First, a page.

Learning ICT-Mediated Communication through Computer-Based Simulations

Learning ICT-Mediated Communication through Computer-Based Simulations

Paula Poikela (Lapland University of Applied Sciences, Finland) and Hanna Vuojärvi (University of Lapland, Finland)
Copyright: © 2016 |Pages: 14
DOI: 10.4018/978-1-4666-9978-6.ch052

Working life practices in healthcare and social work have undergone significant changes in recent years. Among other things, employees are required to contribute to multi-professional teamwork, make urgent decisions under pressure, attend to their clients’ safety as well as their own, and make clients aware of their rights and the conditions of the services. All these challenges require careful communication (Bradley, 2006; Fryer, 2013; Milligan, 2007), which nowadays is often supported and mediated by information and communication technologies (ICTs). In Finland, the use of State Security Networks Ltd. (called the VIRVE network in Finland) and TErrestrial Trunked RAdio (TETRA) phones is recommended in all health and social care routine communication processes and emergency-rescue situations. This is due to Finland’s geographical location and sparse population.

The VIRVE network is a digital network built specifically for the use of authorities. It was established at the beginning of 2000 according to the pan-European TETRA standards and is currently used in everyday practice and in crises by the armed forces, rescue services, border guards, police, health and social services, as well as some private and government companies that operate closely with the authorities. The Ministry of Transport and Communications provides permits for the use of the VIRVE network. Similar networks are also used in other countries, for example, RAKEL (RAdioKommunikation för Effektiv Ledning) in Sweden, The Airwave Network in Britain, and Astrid (All-round Semi-cellular Trunked Radio communication network with Integrated Dispatching) in Belgium. Even though the TETRA network is mostly used in Europe, it is also spreading rapidly into regions of Asia, the Middle East, and South America. In Finland, the VIRVE network covers the entire Finnish global system for mobile (GSM) communication networks (Fryer, 2013; Poikela, Ruokamo, & Keskitalo, 2013) and assures flawless communication even when the distribution of electricity is interrupted.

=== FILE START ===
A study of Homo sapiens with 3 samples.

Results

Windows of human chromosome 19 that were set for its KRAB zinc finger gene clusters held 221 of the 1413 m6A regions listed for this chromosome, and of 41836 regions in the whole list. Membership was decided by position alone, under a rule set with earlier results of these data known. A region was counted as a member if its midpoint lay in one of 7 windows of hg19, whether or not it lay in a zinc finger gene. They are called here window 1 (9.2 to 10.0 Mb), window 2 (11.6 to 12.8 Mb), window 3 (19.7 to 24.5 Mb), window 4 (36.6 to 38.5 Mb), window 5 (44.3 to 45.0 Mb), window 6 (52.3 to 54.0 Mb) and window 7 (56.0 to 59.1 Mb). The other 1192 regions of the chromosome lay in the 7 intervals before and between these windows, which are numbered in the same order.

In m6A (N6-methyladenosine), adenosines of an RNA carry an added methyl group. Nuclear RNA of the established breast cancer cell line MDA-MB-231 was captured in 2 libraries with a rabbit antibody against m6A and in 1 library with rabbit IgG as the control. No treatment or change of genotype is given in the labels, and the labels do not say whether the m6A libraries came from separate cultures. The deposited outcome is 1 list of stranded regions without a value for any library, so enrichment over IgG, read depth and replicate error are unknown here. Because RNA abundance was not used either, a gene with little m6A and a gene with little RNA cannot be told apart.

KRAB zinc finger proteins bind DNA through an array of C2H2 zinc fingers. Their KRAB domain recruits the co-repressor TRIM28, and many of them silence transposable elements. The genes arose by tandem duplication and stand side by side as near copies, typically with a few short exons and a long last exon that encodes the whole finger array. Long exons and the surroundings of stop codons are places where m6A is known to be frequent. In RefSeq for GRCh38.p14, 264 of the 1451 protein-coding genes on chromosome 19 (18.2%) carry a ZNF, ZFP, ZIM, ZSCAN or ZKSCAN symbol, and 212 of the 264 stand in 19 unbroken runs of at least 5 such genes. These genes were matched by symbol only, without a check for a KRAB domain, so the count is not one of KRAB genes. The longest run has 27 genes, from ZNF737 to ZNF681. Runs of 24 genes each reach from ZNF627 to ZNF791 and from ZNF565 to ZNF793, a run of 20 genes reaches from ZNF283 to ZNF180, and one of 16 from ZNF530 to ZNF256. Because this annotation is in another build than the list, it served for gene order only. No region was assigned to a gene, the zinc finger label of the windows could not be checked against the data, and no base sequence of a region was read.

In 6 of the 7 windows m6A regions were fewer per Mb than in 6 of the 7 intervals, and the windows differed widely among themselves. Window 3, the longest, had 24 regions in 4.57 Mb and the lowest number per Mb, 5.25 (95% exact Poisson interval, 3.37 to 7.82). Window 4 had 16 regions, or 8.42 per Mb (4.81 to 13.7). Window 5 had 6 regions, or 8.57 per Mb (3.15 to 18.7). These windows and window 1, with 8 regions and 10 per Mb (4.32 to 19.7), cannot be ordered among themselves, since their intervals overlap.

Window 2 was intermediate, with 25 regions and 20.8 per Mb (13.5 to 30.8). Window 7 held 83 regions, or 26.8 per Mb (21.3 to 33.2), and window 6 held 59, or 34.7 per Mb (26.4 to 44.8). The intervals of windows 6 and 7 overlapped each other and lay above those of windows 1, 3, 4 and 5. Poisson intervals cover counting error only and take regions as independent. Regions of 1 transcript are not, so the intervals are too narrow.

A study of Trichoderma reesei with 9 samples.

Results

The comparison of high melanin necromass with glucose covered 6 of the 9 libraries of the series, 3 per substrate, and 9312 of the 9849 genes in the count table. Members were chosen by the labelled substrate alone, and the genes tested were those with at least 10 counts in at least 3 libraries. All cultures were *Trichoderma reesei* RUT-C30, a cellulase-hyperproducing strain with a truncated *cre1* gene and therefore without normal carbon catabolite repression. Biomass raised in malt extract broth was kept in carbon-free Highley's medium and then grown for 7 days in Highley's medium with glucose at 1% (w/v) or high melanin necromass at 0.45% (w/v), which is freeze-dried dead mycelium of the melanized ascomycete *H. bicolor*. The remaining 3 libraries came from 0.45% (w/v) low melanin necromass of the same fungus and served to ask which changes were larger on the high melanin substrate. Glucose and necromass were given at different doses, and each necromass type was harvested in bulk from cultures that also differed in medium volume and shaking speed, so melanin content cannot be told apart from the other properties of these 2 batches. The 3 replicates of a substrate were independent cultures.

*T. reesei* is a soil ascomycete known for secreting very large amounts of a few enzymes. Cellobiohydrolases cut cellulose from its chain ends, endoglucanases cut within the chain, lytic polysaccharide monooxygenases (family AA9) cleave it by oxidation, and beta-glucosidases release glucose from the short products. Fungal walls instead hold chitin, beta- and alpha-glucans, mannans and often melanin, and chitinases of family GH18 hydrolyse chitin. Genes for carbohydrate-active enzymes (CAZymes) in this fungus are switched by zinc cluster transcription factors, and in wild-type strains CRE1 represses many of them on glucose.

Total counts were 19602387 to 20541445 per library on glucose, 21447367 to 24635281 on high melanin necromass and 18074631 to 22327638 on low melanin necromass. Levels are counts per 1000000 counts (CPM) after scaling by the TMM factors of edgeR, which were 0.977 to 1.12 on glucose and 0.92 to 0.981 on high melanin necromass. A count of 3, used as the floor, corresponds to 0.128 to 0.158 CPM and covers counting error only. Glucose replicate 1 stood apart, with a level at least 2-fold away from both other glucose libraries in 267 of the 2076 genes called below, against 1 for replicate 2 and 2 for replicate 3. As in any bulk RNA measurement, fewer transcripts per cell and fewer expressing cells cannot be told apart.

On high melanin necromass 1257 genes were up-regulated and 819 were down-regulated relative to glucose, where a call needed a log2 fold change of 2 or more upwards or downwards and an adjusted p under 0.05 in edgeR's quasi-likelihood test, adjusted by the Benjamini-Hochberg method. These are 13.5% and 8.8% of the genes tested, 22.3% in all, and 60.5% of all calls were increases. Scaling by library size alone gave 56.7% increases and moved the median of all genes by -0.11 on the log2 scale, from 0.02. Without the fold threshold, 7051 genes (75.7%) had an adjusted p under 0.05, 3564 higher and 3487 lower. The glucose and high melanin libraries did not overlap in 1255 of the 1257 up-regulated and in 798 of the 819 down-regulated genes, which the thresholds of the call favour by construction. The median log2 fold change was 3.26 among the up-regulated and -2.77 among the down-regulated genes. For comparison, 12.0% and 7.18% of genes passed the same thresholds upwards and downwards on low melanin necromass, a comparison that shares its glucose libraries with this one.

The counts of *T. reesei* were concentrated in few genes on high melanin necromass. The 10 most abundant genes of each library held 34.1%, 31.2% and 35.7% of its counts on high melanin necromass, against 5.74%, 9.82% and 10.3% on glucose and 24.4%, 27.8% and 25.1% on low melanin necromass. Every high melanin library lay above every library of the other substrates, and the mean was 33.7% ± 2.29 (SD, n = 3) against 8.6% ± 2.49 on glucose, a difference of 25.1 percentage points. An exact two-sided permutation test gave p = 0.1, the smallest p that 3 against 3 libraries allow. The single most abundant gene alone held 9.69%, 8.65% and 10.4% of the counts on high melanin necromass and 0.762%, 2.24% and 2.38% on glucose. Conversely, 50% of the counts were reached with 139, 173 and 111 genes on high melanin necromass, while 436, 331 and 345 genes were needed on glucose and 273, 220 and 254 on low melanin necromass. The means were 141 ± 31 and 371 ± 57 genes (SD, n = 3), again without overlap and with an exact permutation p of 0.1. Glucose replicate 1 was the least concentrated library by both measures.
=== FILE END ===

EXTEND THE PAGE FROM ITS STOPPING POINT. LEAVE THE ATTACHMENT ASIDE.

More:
The TETRA phone that was used in the study described in this article resembles a traditional GSM phone and actually affords common GSM functionalities, such as phone calls and SMS messages. Its appearance and technology are designed to endure water splashes and cold, and it can be accessed even with gloves on, for example, by firemen. The phone includes basic number buttons, and an additional emergency button and a tangent button that enable fast communication with several recipients simultaneously.

TETRA phones are widely used by authorities due to several benefits they have in communication processes. For example, in healthcare, they can be used for communication in emergency situations and daily working processes, where they enable the flow of patient information among professionals. Both the VIRVE network and TETRA phones have a high level of data security, which enables users to send and receive even confidential information, such as patient information. Wide use of the TETRA technology is also useful for work involving multi-professional teams that use a shared tool for communication. In disaster situations, such as large traffic accidents or rescue situations, TETRA and VIRVE together enable effective and fast communication. The VIRVE network and TETRA phones work even in situations where GSM fails.

Despite the recent development in technologies, there are some gaps that need to be addressed to make communication more fluent and efficient and to establish the wider use of phones in areas of healthcare and social work. Often, these gaps are not so much about technological questions—that is, what types of devices would be most useful—but more about developing human processes and working practices.

Key Terms in this Chapter

Design-Based Research: A practice-oriented research approach that aims to yield theoretical knowledge and practical implications.

Simulation Pedagogy: A developing field of theoretical and pedagogical foundation that guides teaching and learning processes.

ICT-Mediated Communication: Communication between two persons or within a team mediated through one or several digital tools.

Meaningful Learning: A learning process characterized by certain process characteristics.

ISSD Model: A pedagogical model designed for training that combines different kinds of simulations with computer-based simulation training.